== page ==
Ford Channels Silicon Valley with In-Car App Developer Program

Ford is tapping into the nearly limitless app developer community to help bring more in-car apps to its vehicles with its Ford Developer Program. The initiative, announced here at CES 2013, has the look and feel of a true Silicon Valley developer program. App creators develop their apps for either iOS or Android using Ford's SDK and submit them to the automaker for review. After passing review, the apps can be published in the relevant app store.

This is the first time that a car manufacturer has attempted to tap into the app developer market en masse. The first apps to launch under the new initiative include Amazon CloudPlayer, USA Today, Glympse and aHa radio among others.

In order to begin developing for AppLink, a developer registers with Ford and is given access to the company's website where they can gain access to the AppLink SDK, technical support from Ford specialists and and request a full AppLink developer kit including a Sync with AppLink developer system.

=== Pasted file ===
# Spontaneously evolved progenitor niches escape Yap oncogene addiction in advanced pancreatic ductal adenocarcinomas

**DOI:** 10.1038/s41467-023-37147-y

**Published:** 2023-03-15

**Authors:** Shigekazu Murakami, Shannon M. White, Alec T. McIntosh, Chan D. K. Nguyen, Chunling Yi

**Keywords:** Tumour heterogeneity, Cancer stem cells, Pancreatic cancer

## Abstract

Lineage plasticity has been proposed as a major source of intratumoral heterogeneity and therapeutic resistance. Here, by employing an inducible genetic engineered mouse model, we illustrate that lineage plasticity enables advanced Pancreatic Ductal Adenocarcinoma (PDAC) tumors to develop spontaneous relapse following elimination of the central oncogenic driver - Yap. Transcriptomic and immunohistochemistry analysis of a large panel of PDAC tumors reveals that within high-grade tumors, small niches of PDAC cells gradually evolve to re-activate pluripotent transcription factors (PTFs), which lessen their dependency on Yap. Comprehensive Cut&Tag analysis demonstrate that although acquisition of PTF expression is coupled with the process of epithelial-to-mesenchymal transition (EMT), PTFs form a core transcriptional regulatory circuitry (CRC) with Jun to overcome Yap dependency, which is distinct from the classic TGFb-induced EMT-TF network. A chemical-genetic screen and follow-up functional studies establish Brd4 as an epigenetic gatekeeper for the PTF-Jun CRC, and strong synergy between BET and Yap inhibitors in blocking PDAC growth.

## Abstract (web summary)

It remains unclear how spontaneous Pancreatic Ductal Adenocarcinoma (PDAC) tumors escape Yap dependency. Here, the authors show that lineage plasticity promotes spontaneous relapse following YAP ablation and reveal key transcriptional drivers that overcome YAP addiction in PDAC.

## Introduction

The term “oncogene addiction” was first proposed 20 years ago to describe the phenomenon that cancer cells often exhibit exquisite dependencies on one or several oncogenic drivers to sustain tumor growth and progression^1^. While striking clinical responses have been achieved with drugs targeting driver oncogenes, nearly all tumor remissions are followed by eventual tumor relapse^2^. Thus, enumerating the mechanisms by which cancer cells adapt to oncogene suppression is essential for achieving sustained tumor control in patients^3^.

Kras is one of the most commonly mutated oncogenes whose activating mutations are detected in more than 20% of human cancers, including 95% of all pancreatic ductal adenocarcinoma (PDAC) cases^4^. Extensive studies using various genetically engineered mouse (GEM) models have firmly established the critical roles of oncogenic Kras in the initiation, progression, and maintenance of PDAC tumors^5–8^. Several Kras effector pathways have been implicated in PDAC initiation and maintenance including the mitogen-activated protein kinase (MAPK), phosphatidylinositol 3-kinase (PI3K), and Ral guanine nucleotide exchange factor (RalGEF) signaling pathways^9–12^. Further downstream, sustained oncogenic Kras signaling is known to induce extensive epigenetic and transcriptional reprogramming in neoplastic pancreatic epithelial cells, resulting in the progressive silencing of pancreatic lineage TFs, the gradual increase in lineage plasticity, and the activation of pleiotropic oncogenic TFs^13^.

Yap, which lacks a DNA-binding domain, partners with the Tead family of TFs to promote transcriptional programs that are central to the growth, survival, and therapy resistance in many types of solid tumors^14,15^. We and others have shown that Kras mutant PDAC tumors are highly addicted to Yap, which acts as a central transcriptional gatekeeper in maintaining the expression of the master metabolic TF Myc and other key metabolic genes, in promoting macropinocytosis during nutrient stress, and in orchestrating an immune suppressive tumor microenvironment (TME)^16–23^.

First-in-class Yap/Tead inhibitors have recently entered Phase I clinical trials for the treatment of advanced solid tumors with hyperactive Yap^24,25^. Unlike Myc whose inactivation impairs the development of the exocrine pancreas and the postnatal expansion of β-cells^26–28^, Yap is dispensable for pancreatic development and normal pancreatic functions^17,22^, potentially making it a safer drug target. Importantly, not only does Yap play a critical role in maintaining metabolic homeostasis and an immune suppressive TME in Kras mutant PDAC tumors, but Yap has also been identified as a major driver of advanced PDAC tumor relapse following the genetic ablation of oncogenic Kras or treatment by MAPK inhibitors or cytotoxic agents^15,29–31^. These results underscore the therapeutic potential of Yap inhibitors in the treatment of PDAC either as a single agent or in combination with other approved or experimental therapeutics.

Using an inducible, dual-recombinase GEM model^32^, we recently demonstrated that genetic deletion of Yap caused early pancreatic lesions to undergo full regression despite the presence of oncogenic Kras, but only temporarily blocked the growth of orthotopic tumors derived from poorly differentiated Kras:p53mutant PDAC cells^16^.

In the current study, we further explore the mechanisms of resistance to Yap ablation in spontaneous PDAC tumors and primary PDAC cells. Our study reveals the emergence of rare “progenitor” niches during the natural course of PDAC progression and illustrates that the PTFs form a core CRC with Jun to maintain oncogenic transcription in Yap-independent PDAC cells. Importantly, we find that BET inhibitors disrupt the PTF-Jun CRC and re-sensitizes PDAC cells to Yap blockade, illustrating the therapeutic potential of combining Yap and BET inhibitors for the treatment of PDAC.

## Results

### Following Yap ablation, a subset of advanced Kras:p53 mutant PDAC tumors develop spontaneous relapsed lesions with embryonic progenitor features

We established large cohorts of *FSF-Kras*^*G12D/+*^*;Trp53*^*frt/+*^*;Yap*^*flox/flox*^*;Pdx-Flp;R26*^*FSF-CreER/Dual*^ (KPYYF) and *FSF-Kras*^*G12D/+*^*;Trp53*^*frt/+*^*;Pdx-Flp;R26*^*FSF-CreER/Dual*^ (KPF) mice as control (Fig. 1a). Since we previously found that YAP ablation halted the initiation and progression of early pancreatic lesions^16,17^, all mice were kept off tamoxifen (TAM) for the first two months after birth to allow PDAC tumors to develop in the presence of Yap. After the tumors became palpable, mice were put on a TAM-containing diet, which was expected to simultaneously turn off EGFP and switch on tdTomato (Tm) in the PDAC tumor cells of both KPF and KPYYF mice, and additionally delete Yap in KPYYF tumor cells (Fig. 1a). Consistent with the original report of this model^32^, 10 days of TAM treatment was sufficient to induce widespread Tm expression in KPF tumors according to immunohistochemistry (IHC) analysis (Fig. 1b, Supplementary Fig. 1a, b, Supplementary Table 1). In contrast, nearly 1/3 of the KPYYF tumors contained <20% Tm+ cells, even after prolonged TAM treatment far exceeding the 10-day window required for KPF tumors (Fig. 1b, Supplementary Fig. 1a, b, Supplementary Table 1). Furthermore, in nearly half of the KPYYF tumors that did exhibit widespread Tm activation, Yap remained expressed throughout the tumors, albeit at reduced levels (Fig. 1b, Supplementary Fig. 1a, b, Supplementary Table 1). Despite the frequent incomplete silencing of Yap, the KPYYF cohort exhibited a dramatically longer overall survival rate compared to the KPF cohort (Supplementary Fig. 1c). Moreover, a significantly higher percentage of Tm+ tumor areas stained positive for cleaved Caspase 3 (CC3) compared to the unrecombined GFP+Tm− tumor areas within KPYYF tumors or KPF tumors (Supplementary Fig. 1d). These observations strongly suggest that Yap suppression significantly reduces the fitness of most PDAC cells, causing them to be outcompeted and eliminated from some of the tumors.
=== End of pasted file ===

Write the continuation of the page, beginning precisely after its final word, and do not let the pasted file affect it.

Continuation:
Once a developer has completed her app, she can submit it to for review by Ford to ensure its functionality and that it isn't appropriate for use in a moving car. If the app is approved, Ford will set up a distribution license with the developer and submit it to the appropriate app store.

Ford has some serious numbers to back up its reasoning for starting the program. According to the company 75 percent of users believe it's important to connect their mobile devices to their vehicles, while another 66 percent think voice control is a must-have.

It's not just the U.S. that is getting all of Ford's in-car app love. The company said it will soon launch the service in both Europe and Asia. An Asian launch will be especially important for Ford, as China is currently the world's largest car market. By 2015, Ford says it expects to have some 14 million Sync with AppLink-equipped vehicles on the road.

Ford seems to have high hopes for its Developer Program and if it can succeed, the variety of in-car apps could soon be as wide as any other mobile platform.